Sudan: At least 10 dead after bombing in southern Khartoum

Refugees from Democratic Republic of the Congo among those killed following attack

At least 10 refugees have died as a result of an attack in southern Khartoum, according to the UN and other sources.

A bombing took place on Sunday at an area where refugees were staying, according to a Sudanese filmmaker who had friends there. Some of the victims were from the Democratic Republic of the Congo (DRC), he said.

Refugees, who fled wars and dictatorships in countries including neighbouring Ethiopia and Eritrea, have previously told The Irish Times that they feel they have been left without proper assistance since fighting erupted on April 15th.

Last year, Sudan was said to be hosting more than 1.14 million refugees from other countries. Some were hoping to be resettled to Europe or North America through the UN. Now, many cannot leave Sudan due to a lack of documents and meagre financial resources.


About 1.2 million people have been displaced and 400,000 people have crossed into neighbouring countries since fighting between the Rapid Support Force paramilitary group and the Sudanese army began.

“Refugees are still awaiting a humanitarian service in Khartoum that will resettle or relocate [them] in another country, not in Sudan,” said an Ethiopian refugee who has lived in Khartoum for decades and remains there, despite the war. He has sent The Irish Times sporadic messages since the fighting started, pleading for help and saying he is frightened to go to a refugee camp. Most refugees remaining in Khartoum now are old people and children, who are particularly vulnerable, he says. “If urban refugees are forced to relocate to refugee camps in Sudan, many of them could die,” he said. The man, who asked not to be named for security reasons, is constantly worried about losing contact due to a lack of electricity and problems accessing data.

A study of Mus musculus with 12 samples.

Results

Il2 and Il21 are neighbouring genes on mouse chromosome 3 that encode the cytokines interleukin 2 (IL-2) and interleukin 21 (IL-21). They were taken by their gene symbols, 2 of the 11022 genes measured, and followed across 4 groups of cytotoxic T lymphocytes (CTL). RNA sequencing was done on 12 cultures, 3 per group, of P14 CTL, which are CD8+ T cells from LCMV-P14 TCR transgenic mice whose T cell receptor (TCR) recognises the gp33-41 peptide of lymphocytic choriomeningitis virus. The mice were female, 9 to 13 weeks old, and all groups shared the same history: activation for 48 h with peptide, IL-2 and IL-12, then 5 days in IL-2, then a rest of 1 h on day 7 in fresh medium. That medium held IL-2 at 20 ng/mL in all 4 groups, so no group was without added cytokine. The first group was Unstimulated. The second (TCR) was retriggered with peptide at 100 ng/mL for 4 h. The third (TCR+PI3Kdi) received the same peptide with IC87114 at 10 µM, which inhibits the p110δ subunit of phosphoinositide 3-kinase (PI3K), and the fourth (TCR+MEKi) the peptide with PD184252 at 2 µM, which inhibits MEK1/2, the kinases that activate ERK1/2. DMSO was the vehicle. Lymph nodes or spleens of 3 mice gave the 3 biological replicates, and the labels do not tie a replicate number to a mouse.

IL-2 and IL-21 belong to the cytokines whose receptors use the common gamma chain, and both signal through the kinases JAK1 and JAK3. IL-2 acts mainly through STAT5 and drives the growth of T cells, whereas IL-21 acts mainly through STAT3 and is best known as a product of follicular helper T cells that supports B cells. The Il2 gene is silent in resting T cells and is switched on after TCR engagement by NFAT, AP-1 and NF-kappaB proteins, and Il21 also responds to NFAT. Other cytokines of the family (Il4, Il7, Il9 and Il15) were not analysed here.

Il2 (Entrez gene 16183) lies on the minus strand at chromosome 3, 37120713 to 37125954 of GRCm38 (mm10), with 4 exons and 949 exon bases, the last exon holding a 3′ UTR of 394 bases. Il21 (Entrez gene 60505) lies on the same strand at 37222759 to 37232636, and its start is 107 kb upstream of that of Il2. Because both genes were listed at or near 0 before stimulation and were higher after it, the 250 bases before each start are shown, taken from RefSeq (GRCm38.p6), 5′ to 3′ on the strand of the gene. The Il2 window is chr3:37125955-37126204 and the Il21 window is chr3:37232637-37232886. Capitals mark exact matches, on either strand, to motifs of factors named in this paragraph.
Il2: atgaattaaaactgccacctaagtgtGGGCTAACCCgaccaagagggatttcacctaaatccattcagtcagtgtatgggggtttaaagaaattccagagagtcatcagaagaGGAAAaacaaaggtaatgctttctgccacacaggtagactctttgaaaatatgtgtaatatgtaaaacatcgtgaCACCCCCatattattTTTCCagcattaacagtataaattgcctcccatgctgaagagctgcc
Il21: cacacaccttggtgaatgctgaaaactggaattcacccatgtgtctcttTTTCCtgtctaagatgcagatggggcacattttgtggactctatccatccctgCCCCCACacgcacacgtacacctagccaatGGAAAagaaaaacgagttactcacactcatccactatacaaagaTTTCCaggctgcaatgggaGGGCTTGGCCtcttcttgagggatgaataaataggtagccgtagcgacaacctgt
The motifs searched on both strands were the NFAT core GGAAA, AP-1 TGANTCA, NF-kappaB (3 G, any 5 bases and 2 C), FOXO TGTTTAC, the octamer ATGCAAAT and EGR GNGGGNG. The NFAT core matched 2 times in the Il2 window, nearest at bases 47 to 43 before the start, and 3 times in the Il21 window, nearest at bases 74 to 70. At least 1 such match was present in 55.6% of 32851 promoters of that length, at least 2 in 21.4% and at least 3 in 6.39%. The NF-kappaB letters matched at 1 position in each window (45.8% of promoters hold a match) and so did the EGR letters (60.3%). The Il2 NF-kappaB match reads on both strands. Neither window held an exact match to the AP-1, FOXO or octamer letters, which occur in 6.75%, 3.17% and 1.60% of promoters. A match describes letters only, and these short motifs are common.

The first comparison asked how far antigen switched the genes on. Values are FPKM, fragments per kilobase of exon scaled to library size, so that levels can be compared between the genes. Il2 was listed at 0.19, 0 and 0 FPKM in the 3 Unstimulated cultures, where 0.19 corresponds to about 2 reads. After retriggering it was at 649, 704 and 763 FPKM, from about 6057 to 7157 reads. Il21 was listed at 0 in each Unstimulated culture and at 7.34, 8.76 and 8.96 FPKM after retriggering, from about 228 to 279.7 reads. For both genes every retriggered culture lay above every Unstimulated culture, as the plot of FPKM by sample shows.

Faith Kasina, a regional UN Refugee Agency (UNHCR) spokesperson, said the agency is concerned about the safety and wellbeing of refugees and asylum seekers in Khartoum. She estimated that there are fewer than 150,000 refugees and asylum seekers left in the city, down from more than 300,000 before the war started, but said due to “security conditions and movement restrictions”, it is hard for the agency to get an “accurate picture”.

UNHCR cannot help them get out of Khartoum, she said. “Refugees who left Khartoum have done so independently and while some obstacles existed, reports have indicated that routes to the south and to the east are passable for those fleeing,” she said. “Our humanitarian efforts are now focused towards regions where security conditions allow for our operations to take place effectively, including Gezira, Gedaref, Kassala, Red Sea and White Nile states.” She said UNHCR is also moving 3,500 refugees from Madani, a city southeast of Khartoum, to camps in Gedaref, in Sudan’s east.

The Irish Times has received various reports from refugees that some Eritreans who go east have been forcibly returned to Eritrea, a dictatorship known internationally for its brutal human rights record.

Kasina said UNHCR is aware of those reports, though “we do not have any confirmed information that this has occurred. We have raised the issue with Sudanese authorities who have assured us that no one is being or will be forced to return to their home countries. We are also monitoring border crossings for any indications of involuntary return of refugees.”

The pre-existing sprawling, remote refugee camps in eastern Sudan are “relatively safe” and assistance is being provided there by UNHCR and other organisations, Kasina said.

An Eritrean refugee, who also asked not to be named for security reasons, told The Irish Times he travelled east from Khartoum after the conflict started and is renting accommodation with money sent by relatives in Canada but he will avoid entering a camp. “I will never go there because I know how bad it is,” he said. He is worried about human trafficking, disease, the risk of ethnic conflicts, harassment from security forces and the lack of clarity around their future. “I could live there for years and there is no communication since it’s a remote area and, of course, [there is] bad healthcare. It’s rainy season now and all that they have got are tents and there are a lot of snakes and scorpions. The war is in Khartoum but, eventually, will end up here,” he said.

“People need to be resettled to other camps in countries that don’t have conflicts.”